The Road to the Isles


The lyrics mention first the hills of the Isle of Skye (whose memory is calling the traveller west); then the successive locations he will pass on the way across the Western Highlands and Inner and Outer Hebrides. The locations mentioned are (in this order): the Cuillin Hills (on the Isle of Skye), Tummel (in Perthshire), Loch Rannoch (in Perth and Kinross), Lochaber (to the west of the Scottish Highlands), Shiel (near Fort William), Ailort (near the Sound of Arisaig), Morar (near Loch Morar), the Skerries (rocky islets - in this case, just off Skye), and the Lews (near Stornoway on the Isle of Lewis).

A cromach or cromack is a shepherd's crook or stick.[1]


A far croonin' is pullin' me away
As take I wi' my cromack to the road.
The far Coolins are puttin' love on me
As step I wi' the sunlight for my load.

Sure by Tummel and Loch Rannoch and Lochaber I will go
By heather tracks wi' heaven in their wiles.
If it's thinkin' in your inner heart the braggart's in my step
You've never smelled the tangle o' the Isles.
Oh the far Coolins are puttin' love on me
As step I wi' my cromack to the Isles.

It's by Shiel water the track is to the west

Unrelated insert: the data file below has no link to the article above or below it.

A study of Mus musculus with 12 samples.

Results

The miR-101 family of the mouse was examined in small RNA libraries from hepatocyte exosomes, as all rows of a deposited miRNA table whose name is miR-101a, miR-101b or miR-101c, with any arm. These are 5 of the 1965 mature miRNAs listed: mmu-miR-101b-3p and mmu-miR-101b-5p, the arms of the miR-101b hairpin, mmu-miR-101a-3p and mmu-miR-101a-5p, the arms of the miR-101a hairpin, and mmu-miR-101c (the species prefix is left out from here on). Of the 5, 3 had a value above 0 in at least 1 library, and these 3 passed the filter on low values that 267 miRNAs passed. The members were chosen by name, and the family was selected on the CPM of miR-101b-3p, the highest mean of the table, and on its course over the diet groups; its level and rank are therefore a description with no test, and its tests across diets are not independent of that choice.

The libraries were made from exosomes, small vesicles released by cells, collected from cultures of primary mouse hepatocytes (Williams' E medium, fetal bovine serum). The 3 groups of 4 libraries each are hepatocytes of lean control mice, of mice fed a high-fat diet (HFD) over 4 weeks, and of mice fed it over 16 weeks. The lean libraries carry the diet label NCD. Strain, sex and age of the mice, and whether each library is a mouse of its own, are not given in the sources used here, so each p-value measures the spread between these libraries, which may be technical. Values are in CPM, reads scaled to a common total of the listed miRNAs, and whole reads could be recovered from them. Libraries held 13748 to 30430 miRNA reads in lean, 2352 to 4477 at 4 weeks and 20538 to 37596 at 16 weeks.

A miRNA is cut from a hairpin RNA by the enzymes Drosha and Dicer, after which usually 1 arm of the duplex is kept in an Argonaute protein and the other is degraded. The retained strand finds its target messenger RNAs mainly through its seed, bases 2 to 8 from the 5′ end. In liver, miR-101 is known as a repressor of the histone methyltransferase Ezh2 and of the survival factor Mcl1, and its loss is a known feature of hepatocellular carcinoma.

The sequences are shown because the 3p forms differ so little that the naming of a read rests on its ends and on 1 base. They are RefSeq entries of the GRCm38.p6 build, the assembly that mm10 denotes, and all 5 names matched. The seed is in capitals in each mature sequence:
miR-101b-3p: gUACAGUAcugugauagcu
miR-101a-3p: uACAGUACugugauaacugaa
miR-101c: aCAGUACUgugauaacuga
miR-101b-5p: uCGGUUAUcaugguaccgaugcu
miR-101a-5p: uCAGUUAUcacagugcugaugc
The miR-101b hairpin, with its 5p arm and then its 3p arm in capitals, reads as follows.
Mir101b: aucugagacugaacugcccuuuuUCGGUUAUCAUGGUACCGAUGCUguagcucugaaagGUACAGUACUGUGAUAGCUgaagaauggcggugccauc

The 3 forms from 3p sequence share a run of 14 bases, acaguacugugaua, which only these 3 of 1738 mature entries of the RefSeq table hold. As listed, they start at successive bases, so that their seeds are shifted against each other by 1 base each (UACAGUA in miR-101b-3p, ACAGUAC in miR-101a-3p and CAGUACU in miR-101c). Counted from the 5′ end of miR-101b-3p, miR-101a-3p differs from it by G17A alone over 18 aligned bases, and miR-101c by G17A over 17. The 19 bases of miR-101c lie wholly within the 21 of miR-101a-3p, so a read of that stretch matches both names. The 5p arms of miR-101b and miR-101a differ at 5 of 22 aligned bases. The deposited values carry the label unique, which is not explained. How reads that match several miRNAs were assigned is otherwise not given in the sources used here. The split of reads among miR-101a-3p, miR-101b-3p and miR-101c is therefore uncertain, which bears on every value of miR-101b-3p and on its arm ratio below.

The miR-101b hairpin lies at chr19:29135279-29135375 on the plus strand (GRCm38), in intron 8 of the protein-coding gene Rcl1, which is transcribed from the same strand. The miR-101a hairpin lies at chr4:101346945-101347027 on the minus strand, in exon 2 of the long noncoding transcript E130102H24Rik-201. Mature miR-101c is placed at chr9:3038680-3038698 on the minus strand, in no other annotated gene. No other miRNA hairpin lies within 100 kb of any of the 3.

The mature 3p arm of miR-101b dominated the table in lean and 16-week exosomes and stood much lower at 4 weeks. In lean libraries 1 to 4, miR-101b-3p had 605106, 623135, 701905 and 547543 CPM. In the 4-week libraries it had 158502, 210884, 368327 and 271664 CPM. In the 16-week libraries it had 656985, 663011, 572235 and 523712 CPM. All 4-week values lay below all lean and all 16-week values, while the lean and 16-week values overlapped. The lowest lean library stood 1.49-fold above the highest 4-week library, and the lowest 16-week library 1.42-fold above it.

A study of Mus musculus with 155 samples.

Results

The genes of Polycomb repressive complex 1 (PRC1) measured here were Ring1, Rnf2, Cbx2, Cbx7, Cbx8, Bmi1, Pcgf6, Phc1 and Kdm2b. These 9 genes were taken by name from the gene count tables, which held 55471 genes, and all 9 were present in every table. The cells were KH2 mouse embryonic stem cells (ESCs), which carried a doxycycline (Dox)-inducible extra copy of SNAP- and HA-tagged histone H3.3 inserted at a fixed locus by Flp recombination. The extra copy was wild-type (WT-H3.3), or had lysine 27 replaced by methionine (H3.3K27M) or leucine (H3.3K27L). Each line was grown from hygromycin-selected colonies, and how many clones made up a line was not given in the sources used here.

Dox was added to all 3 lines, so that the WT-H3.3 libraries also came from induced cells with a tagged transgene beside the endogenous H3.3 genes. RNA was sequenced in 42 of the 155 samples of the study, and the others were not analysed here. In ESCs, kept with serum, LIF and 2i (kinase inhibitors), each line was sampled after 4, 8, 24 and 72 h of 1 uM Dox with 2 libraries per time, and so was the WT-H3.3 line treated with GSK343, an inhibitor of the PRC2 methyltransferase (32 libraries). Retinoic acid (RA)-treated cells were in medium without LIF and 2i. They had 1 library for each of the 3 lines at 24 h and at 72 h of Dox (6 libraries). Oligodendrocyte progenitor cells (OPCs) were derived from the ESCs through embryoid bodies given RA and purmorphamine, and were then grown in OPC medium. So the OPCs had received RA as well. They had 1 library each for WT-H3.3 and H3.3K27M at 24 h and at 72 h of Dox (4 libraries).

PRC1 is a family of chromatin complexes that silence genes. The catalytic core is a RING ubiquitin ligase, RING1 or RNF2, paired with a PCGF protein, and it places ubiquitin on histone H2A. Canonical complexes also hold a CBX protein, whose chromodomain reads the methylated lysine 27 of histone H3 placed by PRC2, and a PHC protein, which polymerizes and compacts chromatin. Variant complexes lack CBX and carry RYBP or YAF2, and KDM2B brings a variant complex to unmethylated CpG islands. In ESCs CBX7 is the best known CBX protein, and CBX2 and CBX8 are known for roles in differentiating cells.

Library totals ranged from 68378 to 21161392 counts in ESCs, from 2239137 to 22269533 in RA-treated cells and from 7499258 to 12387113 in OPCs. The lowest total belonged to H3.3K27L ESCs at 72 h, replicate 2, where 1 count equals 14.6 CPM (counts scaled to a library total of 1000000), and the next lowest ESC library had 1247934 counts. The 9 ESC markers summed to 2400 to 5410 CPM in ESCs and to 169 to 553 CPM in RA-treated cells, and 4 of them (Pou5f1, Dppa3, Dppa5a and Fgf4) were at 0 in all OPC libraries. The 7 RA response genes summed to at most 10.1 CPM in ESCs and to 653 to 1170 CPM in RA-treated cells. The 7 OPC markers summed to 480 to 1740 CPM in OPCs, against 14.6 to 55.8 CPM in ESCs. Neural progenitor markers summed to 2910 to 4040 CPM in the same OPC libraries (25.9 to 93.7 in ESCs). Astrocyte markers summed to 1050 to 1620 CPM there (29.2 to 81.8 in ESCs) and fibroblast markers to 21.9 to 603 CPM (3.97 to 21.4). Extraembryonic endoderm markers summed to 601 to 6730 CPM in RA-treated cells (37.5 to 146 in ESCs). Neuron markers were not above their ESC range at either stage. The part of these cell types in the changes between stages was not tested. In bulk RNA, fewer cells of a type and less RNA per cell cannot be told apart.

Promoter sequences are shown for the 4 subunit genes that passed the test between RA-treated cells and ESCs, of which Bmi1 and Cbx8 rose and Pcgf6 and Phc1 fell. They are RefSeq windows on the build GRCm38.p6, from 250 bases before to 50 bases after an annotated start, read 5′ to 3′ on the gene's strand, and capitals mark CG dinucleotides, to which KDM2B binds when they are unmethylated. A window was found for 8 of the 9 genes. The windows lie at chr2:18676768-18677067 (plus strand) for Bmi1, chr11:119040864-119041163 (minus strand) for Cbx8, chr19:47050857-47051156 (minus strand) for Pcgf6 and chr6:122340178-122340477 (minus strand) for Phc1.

By Aillort* and by Morar to the sea
The cool cresses I am thinkin' of for pluck
And bracken for a wink on Mother knee.

The blue islands are pullin' me away
Their laughter puts the leap upon the lame
The blue islands from the Skerries to the Lews
Wi' heather honey taste upon each name.


A number of parodies have been based upon the tune to this song. Notable examples include "Leo McGuire's Song" by Billy Connolly and "Scottish Holiday" by The Corries.

The tune was used by Ewan MacColl for his rambling song "Mass Trespass 1932", a forerunner of his song "The Manchester Rambler".[2]


  1. ^ Caledonian Sticks (Fancy Crooks and Cromachs)
  2. ^ Harker, Ben (Spring 2005). "'The Manchester Rambler': Ewan MacColl and the 1932 Mass Trespass". History Workshop Journal (59): 219–228.